She's been with the police department for almost eight years.
The Harrodsburg PD dispatch center answers calls for several official agencies, including the police department, Mercer County Sheriff's Office, seven fire departments, Burgin Police Department, Emergency Medical Services, and disaster emergency services.
Currently there are four dispatchers switching shifts to cover the area 24 hours a day.
On light days, each dispatcher receives about 25 calls per 12-hour shift. Heavy days yield about 120 calls per dispatcher each shift, Napier said.
A very busy job
Vehicle accidents make up a lot of 911 calls, sometimes numbering 20 or more calls for one accident. Dispatchers are responsible for notifying the police and EMS, as well as other agencies, she said.
If someone knocks over a telephone pole with their vehicle, dispatchers also contact the telephone or electric companies as well.
Even while juggling phone calls, dispatchers have to file paperwork concerning emergency protective orders, arrests, warrants, and subpoenas to name a few.
All actions of law enforcement officials have to be logged when officers respond to a call, and dispatchers are responsible for taking down the information and keeping record of all police action.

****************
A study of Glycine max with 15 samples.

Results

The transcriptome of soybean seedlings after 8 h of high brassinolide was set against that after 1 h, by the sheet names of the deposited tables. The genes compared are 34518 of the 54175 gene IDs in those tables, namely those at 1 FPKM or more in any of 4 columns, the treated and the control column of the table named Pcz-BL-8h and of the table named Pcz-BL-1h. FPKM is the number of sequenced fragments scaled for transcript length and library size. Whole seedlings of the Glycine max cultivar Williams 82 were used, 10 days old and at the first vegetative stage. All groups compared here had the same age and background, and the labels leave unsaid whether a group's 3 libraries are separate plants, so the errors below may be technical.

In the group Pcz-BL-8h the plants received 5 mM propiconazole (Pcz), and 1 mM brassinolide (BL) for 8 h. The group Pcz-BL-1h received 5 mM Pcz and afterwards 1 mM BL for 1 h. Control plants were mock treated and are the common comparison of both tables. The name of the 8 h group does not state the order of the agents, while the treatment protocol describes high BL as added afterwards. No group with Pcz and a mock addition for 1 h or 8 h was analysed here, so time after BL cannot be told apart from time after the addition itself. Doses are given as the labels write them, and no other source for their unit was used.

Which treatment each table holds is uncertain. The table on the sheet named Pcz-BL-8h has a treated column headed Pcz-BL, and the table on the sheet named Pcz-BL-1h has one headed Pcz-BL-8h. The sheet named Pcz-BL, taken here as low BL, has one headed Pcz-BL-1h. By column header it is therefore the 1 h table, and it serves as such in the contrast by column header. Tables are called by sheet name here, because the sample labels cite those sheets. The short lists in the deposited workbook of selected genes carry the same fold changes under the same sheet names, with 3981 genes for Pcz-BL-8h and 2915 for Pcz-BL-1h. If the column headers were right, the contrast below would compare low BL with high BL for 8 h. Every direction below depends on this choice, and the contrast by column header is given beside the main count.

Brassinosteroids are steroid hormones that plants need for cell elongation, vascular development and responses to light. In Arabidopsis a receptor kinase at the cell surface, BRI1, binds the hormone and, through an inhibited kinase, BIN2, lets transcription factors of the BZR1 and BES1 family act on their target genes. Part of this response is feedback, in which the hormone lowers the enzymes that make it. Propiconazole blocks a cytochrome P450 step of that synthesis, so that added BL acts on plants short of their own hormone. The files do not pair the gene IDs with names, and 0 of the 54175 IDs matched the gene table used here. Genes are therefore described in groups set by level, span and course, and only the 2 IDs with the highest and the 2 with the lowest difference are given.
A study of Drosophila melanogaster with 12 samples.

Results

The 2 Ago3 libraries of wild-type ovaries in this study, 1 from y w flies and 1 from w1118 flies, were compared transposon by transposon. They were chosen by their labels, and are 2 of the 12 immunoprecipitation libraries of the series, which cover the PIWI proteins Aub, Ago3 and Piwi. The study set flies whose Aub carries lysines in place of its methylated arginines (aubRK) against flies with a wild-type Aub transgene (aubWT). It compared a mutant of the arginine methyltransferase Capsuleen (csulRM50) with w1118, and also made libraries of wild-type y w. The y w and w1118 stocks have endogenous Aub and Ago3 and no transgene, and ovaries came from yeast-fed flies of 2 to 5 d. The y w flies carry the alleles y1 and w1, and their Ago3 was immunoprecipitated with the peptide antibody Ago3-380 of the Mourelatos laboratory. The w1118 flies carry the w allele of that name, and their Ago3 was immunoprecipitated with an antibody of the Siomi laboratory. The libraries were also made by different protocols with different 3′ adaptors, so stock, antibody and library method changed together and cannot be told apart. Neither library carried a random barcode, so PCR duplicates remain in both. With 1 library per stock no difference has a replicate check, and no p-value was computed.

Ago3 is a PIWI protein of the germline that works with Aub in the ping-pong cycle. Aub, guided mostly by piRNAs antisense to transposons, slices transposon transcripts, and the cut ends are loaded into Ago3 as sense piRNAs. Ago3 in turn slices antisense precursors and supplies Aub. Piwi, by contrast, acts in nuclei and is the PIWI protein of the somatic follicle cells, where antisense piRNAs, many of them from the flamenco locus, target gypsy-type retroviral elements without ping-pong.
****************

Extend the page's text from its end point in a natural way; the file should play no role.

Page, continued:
Although all of Napier's 911 calls are fairly memorable, there are a few that stick out in her mind.
One time a 3-year-old girl called and Napier thought it was going to be "one of those days," when kids get out of school and call 911 to play music through the telephone or hang up.
Instead, the girl asked, "How are you doing?"
"I said I was doing fine," Napier said. The girl, a daughter of a Lexington firefighter who lives in Harrodsburg, called the center and explained that she understood how hard dispatching could be.
"She knew that dispatchers weren't very honored people," Napier said.
Another time, a student called needing help with a math problem. Napier told her that the reason she called didn't warrant a 911 response.
"And then she said, 'But my mom said if you ever need help, you can call 911,'" Napier said with a laugh.
"Before I started dispatching, I never had any idea what people would call about."
Lisa Smith, a dispatcher, got tired of working at a fast food restaurant and decided to try dispatching for a while. She's worked at the Harrodsburg PD for almost a year.
"I spent 15 years working at McDonald's and I was ready for a change," she said. "It's a really exciting job, but you never really know until you try it."
The community is helpful, and the dispatch center often receives calls from the same people. As for what call she remembers most, "they all have uniqueness," she said.
"It's a lot of work, and there are a lot of scary moments," Smith said. "But you never have a boring day."